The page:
Transgender Healthcare; A Work in Progress

Transgender Healthcare; A Work in Progress

The incident happened two years ago, but it's still fresh in the mind of Karina Samala. She wass waiting to be called for a docot's office visit, when the unexpected happened. 

"They called me by my boy name," she says.

Samala is chair of the City of Los Angeles Human Relations Commission Transgender Working Group, which promotes better understanding between the LAPD abd the transgender community. The long-time human-rights advocate has worked for years to prevent these sorts of embarrassments for transgender patients.  

Definitions of transgender vary, but a commonly used description is someone who identifies with a gender different from their birth gender. Some have gender reassignment surgery.

Transgender patients often face the kind of humiliation Samala did when seeking health care, surveys suggest. "It's getting better now," she says, "with laws passed regarding non-discriminatiion with health care." But those in the trenches say more can be done. 

That "more" goes beyond legislation. Also making a difference is the launching of centers dedicated to transgender health care, or centers that care for a wider population with trained staff who are sensitive to the needs of transgender patients.

One of the latest examples is the new Transgender Health Care Program at St. John's Well Child and Family Center in Losa Angeles, Samala is helping Jim Mangia, the center's president and CEO, the fundraising efforts.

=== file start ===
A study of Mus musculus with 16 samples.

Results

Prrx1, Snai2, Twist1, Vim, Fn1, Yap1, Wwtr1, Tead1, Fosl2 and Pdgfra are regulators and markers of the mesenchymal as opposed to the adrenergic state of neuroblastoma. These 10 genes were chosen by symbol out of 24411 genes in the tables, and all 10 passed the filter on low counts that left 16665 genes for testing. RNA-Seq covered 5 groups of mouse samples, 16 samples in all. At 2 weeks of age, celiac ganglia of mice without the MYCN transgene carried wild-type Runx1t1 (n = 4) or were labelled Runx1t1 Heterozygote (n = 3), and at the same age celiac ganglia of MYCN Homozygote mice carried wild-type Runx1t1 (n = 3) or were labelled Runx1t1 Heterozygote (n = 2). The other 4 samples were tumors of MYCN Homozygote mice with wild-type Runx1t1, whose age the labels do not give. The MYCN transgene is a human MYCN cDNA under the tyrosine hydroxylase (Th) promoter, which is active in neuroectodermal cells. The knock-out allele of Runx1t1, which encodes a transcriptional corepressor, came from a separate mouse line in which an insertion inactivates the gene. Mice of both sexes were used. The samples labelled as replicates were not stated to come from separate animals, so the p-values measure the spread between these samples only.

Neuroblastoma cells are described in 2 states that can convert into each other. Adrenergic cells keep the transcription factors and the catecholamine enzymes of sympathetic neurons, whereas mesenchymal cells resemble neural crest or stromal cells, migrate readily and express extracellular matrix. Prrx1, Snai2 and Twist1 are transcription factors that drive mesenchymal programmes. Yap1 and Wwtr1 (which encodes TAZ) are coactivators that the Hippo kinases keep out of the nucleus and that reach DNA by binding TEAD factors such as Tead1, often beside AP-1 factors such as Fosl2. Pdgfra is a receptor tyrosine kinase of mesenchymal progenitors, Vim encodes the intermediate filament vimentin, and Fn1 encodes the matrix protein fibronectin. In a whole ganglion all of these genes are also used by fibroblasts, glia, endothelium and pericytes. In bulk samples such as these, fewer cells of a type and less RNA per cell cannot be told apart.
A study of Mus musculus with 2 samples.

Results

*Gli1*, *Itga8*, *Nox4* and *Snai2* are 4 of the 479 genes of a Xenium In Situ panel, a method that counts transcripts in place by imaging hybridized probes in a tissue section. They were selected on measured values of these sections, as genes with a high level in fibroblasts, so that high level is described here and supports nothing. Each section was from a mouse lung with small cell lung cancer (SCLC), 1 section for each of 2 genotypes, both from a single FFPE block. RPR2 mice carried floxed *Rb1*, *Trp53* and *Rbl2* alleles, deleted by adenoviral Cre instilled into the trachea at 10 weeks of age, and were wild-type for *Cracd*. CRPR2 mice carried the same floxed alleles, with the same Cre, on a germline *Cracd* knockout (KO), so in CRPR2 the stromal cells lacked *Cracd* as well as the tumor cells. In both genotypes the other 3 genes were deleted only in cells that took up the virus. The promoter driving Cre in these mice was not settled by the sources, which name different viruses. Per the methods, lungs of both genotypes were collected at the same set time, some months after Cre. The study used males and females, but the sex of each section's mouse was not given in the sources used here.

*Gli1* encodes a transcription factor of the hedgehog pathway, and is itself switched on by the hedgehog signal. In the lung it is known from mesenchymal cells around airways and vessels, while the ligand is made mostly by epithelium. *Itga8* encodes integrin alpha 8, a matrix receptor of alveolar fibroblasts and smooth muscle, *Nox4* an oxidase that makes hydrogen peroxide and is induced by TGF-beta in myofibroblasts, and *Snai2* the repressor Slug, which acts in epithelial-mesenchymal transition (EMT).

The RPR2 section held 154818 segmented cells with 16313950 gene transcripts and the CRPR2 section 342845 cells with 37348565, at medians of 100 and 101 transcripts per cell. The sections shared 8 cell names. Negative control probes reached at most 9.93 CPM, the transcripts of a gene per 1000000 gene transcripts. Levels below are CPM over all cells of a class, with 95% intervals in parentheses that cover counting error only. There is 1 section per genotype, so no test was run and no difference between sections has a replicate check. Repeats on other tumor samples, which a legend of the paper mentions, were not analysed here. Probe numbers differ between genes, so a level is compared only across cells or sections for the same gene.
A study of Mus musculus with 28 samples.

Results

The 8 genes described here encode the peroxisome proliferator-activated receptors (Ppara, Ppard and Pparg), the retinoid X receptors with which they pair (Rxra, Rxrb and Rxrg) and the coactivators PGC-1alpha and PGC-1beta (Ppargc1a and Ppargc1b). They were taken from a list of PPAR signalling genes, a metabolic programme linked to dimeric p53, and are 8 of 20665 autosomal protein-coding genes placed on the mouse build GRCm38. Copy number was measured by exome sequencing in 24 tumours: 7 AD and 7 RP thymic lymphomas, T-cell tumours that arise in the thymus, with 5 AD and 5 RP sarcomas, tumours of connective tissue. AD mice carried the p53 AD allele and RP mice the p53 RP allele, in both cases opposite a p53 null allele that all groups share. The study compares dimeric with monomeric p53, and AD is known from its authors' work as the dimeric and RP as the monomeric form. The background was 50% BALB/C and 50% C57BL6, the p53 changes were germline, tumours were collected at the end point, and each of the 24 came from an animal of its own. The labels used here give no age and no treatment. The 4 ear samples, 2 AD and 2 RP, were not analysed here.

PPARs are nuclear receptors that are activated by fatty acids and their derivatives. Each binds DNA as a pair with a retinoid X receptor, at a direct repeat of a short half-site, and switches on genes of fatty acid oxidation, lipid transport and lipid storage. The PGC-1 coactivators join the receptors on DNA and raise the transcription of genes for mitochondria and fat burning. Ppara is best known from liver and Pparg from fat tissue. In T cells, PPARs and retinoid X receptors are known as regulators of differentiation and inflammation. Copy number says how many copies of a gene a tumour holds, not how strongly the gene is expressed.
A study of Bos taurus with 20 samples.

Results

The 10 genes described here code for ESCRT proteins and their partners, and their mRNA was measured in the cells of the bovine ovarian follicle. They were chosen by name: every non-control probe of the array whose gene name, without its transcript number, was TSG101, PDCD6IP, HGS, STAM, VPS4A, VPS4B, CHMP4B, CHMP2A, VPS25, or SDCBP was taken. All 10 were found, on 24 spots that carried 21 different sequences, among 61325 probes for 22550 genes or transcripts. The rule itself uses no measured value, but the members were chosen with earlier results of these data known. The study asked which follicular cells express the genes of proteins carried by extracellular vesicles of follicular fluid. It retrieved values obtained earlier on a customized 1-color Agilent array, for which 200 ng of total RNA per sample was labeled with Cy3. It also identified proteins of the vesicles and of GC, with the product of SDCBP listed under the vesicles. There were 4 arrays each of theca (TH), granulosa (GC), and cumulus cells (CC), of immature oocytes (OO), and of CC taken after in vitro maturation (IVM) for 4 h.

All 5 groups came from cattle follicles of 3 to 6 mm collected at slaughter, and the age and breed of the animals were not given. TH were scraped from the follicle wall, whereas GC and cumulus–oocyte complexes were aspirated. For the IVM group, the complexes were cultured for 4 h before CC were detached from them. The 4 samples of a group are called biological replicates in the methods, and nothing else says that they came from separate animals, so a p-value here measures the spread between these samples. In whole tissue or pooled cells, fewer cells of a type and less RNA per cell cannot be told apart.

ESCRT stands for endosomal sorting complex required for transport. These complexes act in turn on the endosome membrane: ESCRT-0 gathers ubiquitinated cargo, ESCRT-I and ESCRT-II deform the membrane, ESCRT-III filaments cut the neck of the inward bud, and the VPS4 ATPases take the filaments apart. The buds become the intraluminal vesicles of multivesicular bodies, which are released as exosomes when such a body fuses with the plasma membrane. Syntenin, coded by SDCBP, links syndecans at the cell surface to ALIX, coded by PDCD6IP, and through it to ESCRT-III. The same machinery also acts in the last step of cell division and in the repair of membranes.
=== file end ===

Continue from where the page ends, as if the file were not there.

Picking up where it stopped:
Head Over Heels, the center's upcoming fundraising gala in L.A., will feature Dr. Marci  L. Bowers as its emcee. Bowers is a pioneer in gender reassignment surgery. 

Mangia says he wants to reach out to the county's estimated 22,000 transgender patients. Estimates of the number of transgender patients nationwide are difficult to come by, but the National Center for Transgender Equality believes up to 1 percent of the population may be transgender.

"The transgendered patient is one of the most underground, marginalized and underserved populations in our city and we want them to have a home with us," Mangia says.

St. John's is an independent community health center and federally qualified. Its 11 sites are located in downtown and South Los Angeles, Mangia says, where many transgender patients reside.